Virgil Hickox (1806-80) was a Springfield merchant, mill operator and bank and railroad investor. He also was a close friend of Stephen Douglas and managed Douglas’ successful 1858 U.S. Senate campaign against Abraham Lincoln.
Hickox, a New York native, arrived in Springfield in the early 1830s. With his brothers, Horace and Addison, he owned a general merchandise store and operated the Hickox Mill, located on Spring Creek near the modern intersection of Veterans Parkway and Jefferson Street.
In 1851, he was among the organizers of the Chicago & Alton Railroad, and he remained on the railroad board until 1871. He also served as president of the Springfield State Bank starting in 1871. The bank ultimately failed, partly because of the national financial panic of 1873, although the owners, including Hickox, vowed that depositors would not lose any money. Hickox’s other investments, notably in real estate, suffered at the same time.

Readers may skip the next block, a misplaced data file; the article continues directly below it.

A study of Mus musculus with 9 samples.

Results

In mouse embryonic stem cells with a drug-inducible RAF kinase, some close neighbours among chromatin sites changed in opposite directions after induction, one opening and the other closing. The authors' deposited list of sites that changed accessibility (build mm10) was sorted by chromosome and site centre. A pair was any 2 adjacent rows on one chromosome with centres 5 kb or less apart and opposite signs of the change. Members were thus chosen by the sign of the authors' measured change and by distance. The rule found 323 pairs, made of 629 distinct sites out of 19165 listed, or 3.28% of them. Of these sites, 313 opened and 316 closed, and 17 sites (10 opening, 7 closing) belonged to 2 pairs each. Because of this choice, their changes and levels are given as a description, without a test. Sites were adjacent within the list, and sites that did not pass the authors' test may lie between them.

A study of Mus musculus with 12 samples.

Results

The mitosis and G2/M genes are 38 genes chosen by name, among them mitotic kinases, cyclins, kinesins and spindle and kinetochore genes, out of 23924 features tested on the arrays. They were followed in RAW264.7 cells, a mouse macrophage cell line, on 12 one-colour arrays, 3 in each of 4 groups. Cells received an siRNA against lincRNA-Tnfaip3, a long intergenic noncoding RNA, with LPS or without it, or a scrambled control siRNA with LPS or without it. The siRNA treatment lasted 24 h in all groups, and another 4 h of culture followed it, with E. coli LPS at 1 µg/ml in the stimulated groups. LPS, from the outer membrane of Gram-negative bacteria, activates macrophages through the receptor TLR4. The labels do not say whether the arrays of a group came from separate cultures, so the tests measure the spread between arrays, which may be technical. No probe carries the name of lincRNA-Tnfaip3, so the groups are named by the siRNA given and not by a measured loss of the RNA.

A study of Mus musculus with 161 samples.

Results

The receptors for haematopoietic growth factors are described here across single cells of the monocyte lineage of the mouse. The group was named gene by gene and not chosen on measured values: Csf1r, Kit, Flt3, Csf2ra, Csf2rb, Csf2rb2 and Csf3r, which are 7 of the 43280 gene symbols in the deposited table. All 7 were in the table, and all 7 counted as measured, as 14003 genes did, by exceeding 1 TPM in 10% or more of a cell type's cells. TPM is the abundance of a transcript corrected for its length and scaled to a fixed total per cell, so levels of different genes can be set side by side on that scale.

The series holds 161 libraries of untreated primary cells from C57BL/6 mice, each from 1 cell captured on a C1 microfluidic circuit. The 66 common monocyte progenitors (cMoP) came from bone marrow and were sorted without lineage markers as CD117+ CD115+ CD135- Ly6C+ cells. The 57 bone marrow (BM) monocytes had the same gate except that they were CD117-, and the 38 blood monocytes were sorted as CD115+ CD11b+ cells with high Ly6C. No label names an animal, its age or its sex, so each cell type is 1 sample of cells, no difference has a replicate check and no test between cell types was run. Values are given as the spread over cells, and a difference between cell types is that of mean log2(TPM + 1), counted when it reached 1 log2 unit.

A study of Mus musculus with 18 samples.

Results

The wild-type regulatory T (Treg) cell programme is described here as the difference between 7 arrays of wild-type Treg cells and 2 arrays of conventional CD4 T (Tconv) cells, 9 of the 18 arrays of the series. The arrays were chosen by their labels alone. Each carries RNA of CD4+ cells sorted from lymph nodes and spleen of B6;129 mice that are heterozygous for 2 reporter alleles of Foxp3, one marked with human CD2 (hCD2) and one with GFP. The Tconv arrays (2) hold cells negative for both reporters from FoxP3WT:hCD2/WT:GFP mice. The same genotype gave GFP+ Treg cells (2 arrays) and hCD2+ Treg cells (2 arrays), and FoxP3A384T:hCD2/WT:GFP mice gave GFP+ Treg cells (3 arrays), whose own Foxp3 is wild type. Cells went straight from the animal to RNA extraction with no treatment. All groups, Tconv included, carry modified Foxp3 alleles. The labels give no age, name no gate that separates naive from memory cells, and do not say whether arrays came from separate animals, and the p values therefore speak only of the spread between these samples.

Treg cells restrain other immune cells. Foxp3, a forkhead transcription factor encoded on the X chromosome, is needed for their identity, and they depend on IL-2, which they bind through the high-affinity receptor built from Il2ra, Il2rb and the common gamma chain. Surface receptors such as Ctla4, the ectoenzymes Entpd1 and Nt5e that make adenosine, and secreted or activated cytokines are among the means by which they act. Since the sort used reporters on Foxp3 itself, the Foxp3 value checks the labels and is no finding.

Hickox was a Democrat politically, although his views might justifiably be described as libertarian today. In a biography he dictated, reprinted in the Hickox entry from findagrave.com, Hickox described his beliefs:
He believes that the United States should not own any property except what is necessary for forts and arsenals, and for the transaction of business at the seat of government. He also holds that the whole postal system should be abolished, and that the laws of trade should regulate the transportation of what is called mail matter in the same manner as such laws regulate all other transportation. He thinks that if men and women were as careful to obey the scripture injunction, “six days shalt thou labor,” as they are to rest on the seventh, there would be less suffering from want.
The writer of his Illinois State Journal obituary (published Feb. 3, 1880) agreed that Hickox was “a man of peculiar views, in many respects, and somewhat opinionated, but withal possessed of an innate sense of justice that frequently led him to apologize to those whom he had offended.”
About his own adopted home town, the obituary added, “He had an abiding and unfaltering faith in the future of Springfield….”
Hickox is buried at Oak Ridge Cemetery.
Hickox’s home on Capitol Avenue, known also as the site of the Norb Andy Tabarin, has been designated a city landmark by the Springfield Historic Sites Commission.